The COVID-19 slump made fashion showcases an impossible task for at least three quarters of the 2020 all around the globe. Pakistan too, faced this sudden dearth of couture making the waves, making this year, one without any thing to look forward too. Luckily, that’s when things started changing and the resilient fashion industry held its own. One such example of this joy amongst worrisome times, was Hussain Rehar’s first solo experience, featuring his Nawabzadiyan.
Set as a three-part exhibit, the solo show took place at Wusaaq, which in itself was equally enchanting like the ensembles as the location glimmered in a traditional set-up, replete with marigolds and roses.
The event commenced with the ‘Mehndi’, as traditional Pakistani songs blared on the speakers, and a splash of colours entered the quaint-sized verandah in an eye-catching palette of emerald greens, oranges, pinks and muted whites. The segment proved to be the one where Hussain was able to show his already-loved aesthetics the most. The collection had the silhouettes that one knows the designer has mastered.
The embellishments too, had that signature Hussain look, which intertwines light and heavy embroideries into one uniform collection. In all honesty, seeing all the colours, cuts, and embellishments, this was the segment where we did know Hussain won’t fail at all. It comes naturally to him.
In the second segment, Hussain chose to look at the Baraat from both the dulha and dulhan angle. We saw a return of the traditional palette of reds decked up with heavy embroidery from head-to-toe on the runway with this show, hinting that perhaps, that the designer feels that it is going to be a back-to-the-roots kind of a shaadi season in the coming months.
In what could have been something many would have called hackneyed or too safe, actually worked for Hussain. He isn’t someone who delves into the world of cliché and hence, him going for something supremely traditional and giving it his own flair says a lot about his will to explore all his sides as a designer. Plus, as his aesthetic sensibilities fare reasonably high, we also noticed he chose to still give these ‘traditional’ joras a Hussain flair with short cholis and various other cuts.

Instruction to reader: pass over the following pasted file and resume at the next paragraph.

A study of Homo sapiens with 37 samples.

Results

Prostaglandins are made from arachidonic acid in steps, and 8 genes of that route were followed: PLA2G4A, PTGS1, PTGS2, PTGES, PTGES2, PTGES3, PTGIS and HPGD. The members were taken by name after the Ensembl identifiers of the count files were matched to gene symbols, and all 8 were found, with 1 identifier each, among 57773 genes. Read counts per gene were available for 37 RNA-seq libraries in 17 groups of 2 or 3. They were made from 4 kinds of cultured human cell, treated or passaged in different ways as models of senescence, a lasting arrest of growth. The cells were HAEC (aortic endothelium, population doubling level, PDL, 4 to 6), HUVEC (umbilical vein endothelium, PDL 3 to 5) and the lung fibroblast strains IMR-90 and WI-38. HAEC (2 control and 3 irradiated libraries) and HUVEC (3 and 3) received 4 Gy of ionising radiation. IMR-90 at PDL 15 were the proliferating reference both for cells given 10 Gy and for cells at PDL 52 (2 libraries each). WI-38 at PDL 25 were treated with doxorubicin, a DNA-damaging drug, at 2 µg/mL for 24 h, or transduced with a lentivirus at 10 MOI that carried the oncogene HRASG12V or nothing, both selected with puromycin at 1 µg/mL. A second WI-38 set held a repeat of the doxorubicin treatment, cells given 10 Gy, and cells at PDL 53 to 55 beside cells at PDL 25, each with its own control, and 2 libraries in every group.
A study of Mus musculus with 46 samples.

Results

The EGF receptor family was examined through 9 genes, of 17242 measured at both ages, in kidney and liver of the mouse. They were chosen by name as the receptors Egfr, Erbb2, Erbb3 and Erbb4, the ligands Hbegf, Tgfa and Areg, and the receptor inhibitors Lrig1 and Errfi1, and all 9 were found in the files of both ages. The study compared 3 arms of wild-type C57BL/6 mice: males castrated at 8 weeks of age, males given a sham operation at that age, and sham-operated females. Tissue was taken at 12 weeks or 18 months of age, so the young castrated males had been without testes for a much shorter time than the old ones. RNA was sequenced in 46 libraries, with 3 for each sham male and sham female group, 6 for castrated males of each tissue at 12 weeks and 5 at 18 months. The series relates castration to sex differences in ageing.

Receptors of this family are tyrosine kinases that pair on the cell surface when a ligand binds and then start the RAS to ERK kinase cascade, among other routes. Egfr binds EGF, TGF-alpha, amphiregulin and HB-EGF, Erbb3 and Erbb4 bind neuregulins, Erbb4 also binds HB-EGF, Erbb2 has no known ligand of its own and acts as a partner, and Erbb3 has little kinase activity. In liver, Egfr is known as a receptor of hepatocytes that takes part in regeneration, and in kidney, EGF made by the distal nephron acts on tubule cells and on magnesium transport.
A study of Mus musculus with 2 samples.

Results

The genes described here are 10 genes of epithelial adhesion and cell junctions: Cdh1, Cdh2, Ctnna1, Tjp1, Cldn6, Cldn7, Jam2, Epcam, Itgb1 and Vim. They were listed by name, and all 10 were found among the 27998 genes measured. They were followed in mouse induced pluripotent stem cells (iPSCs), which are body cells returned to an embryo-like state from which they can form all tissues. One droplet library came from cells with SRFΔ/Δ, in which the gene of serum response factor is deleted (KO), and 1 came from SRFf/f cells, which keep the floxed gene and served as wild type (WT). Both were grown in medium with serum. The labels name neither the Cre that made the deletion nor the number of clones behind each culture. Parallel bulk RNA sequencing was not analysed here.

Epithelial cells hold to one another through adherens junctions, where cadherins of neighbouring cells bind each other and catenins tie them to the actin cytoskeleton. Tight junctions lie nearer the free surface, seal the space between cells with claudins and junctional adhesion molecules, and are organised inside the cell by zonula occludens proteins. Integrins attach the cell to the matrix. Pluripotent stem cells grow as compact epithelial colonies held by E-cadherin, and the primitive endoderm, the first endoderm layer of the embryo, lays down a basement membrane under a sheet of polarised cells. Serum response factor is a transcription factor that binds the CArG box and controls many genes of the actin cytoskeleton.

The Valima segment turned out or rather felt like the smallest one for the solo experience. However, that said, it did not fare any lesser than the rest. The capsule here, showcased a palette that mixed traditional colours like whites and jewels along with a tinge of colours here and there. The segment also kept the Hussain Rehar aesthetic close to its concept.
The embellishments seen here took a much-needed lighter approach than the other segments. There was more breathable space to the ensembles, and most ensembles had a traditional look but a more unique embroidery over them, juxtaposing the best of both worlds into one.
The experience with all three exhibits in most ways, remained one that was immersive and experiential, leaving one feeling that this in fact was a shaadi they would not have wanted to miss out on. In other ways, it also proved that truly, the aura of a Pakistani wedding will always speak to the hearts of the audience and the designers, even if their forte is something else altogether.
For Hussain, this was a message of proving that in his few years in the industry, he has made it in the big league to be able to execute a solo show – and that too, one that had all the sensibilities expected out of him. That said, now since he has done so, the expectations remain even higher from him, where we wouldn’t expect anything less and only bigger and better.
Have anything to add to the story? Tell us in the comment section below.